The Colours of Spring
One of the early spring flowering legumes is Northern Bloodvine, Austrosteenisia stipularis, a large vine endemic to the rainforests of north-east Queensland. They are able to produce spectacular shows and anyone crossing Winfield Bridge outside of Malanda is recommended to watch out for it over the next two months. This plant is just coming into flower on the bridge over Petersons Creek, Yungaburra. The flowers on this individual are about mid range with some being more purple and darker while others are a light pink. The closely related A. blackii has deep red flowers. Both vines will flower when they are partly deciduous which helps to show off their flowers. A. blackii is a very large vine up to 350mm in diameter. Two of this size can be seen at Lake Barrine after the twin Kauris. Walk to where the track divides and then another twenty metres. The vines grow between the two tracks and tie a most wonderful knot.
Cassia brewsteri comes in a variety of colours and forms but this medium sized tree with the green and red flowers is one of the best. Later in the season a beautiful small golden flowered form will flower in the median strip, Cedar Street in Yungaburra.
A number of hatchling spiders have blown in on the wind. This is a young Golden Orb, Nephila pilipes, which by the time she is fully grown will be about as large as my hand. Her abdomen will go grey, the rest of her black except for her wonderful golden knees.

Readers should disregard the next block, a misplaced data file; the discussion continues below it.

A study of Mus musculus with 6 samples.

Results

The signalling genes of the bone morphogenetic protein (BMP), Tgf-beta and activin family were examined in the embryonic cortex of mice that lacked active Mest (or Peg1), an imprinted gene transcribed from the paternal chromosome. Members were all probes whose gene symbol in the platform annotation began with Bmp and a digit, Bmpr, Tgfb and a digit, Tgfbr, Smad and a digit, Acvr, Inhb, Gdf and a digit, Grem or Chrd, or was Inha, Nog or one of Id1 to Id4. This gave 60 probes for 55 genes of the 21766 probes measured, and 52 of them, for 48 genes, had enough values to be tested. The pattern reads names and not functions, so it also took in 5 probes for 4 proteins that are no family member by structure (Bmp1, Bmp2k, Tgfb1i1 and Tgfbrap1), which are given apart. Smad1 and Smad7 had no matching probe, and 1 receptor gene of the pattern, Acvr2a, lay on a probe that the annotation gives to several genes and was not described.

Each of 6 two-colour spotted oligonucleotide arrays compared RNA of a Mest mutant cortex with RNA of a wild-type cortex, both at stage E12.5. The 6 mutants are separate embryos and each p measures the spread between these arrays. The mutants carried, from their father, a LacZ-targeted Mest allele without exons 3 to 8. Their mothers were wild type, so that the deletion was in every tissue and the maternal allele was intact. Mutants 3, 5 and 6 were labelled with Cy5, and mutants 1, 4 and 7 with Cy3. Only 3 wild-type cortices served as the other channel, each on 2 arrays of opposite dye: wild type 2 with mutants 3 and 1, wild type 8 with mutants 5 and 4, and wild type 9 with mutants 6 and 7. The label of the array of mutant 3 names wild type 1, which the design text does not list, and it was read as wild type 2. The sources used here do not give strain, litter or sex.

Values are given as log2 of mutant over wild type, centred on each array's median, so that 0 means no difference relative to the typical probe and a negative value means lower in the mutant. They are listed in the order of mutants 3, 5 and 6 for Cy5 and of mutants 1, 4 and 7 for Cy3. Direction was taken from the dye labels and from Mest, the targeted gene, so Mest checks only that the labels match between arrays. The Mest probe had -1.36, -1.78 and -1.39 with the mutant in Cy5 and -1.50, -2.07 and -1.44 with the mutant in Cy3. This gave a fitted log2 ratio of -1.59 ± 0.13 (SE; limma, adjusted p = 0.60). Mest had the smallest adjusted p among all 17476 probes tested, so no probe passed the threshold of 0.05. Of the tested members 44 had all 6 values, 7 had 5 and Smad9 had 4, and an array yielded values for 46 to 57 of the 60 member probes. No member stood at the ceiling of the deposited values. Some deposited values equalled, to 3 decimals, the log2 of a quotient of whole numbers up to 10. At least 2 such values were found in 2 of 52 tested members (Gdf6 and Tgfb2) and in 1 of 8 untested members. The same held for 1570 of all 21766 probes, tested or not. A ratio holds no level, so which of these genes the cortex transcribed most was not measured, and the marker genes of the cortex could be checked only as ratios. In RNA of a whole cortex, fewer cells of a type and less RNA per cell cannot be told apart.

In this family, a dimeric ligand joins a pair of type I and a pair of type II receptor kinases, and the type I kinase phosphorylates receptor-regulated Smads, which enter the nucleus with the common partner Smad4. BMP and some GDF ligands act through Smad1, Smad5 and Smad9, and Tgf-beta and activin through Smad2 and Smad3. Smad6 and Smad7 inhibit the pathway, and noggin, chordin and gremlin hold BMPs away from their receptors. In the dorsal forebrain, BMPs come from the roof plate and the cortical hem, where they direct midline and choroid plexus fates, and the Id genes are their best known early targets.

We have had a bit of rain of late and that has started the frogs moving. I heard a Green Tree-frog last night but could not find it. This little Eastern Dwarf Tree-frog, Litoria fallax, was sitting on one of my dwarf bonsai plants.
Other hints of spring have been a little thunder with the rain yesterday and reports of Channel-billed Cuckoos and Koels returning. I have not seen or heard them yet but two lots of friends have reported them. With this warmer damp weather the snakes will be starting to move so please take care when travelling on the roads or in long grass.